Churchtown, County Cork
The area that now comprises the parish of Churchtown was settled at least 4,000 years ago. A Bronze Age axe head discovered in the parish is evidence of such settlement. Much of the village, which consisted primarily of thatched houses, was burned by the Whiteboys in January 1822 during an attack on the police barracks. Lord Egmont’s agent, Sir Edward Tierney, commenced the rebuilding of Churchtown in 1825 and the work continued until its completion in 1849. The village was built in the form of a square, one side of which was named Egmont Row. The main street was George’s Street and that running west was named Kerry Lane. The double row of houses on the Buttevant Road was called Chapel Lane, while the road to the east leading to the main Cork – Limerick road was named Lodge Road (now Burton Road).
The first school in Churchtown was built from an endowment by Sir John Perceval in 1702. The dissolution of the school in 1720 was largely brought about by the reluctance of parents to ‘bind’ the children to the Master of the school rather than to tradesmen. A later grammar school at Burton was also a failure. The original Churchtown National School on Kerry Lane was built by Sir Edward Tierney and completed in 1847. Later the school was moved to another building and this building was turned into a community center. It is the only school in the parish. As of 2005, the school had an attendance of forty girls and boys.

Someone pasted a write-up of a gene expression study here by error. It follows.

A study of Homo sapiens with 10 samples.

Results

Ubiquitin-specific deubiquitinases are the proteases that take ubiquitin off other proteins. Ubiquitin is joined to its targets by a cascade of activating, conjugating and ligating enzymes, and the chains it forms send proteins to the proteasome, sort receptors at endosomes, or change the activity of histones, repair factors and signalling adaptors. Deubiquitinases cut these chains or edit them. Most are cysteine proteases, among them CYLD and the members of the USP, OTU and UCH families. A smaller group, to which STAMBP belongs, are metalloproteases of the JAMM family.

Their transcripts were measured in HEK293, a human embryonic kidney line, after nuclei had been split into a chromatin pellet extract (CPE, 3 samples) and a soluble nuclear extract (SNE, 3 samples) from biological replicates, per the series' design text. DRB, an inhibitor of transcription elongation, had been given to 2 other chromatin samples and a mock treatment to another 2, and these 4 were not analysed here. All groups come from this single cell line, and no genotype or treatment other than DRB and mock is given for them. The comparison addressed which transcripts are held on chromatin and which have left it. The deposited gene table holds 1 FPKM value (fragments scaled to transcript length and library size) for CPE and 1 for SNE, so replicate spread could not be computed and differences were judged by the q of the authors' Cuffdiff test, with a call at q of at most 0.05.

A wide variety of flora and fauna grow in the parish. Ballygrace and Stack’s Bridge are considered areas of particular ecological value. Recorded varieties of trees common to the parish include: apple, crab apple, ash, alder, beech, cedar, chestnut, cypress, elm, fir, hazel, holly, larch, lime, monkey puzzle, oak, pear, pine, spruce, sycamore, willow and yew. Fauna includes the badger, fox, hare, shrew, red squirrel, stoat and bat. Birds include the goldcrest, sparrow hawk, kestrel and barn owl, as well as all other common songbirds.
Fairs and festivals
The Churchtown Carnival was a week-long annual fund-raising festival begun in the late 1940s under the guidance of Muintir na Tíre. The carnival was a very important part of the town's culture and was still being held till 1970s. The event was advertised in surrounding parishes on loudspeaker and was held at the community center.
The jumble sales was held annually outside the Community Centre. The event was well advertised and drew a sizeable crowd from Churchtown and surrounding parishes. Things on offer varied widely and included books, items of clothing, home-made cakes, as well as bags of farm produce, coal and turf.
- Vincent O'Brien - Horse Trainer
- John Murphy (fiddle player) - Fiddle Player
- Oliver Reed - The English actor lived in the village during the last years of his life. He is buried in Bruhenny Graveyard, located just off the village square, opposite his favourite pub, O'Brien's Bar.
- Gerry Murphy - entrepreneur and author of the Accidental Entrepreneur.
- Placenames Database of Ireland
- "The history in the name Bruhenny". Journal of the Ivernian Society. 1913.
- J. Hickey, Denis (2005). The Annals of Churchtown. Churchtown Village Renewal Trust.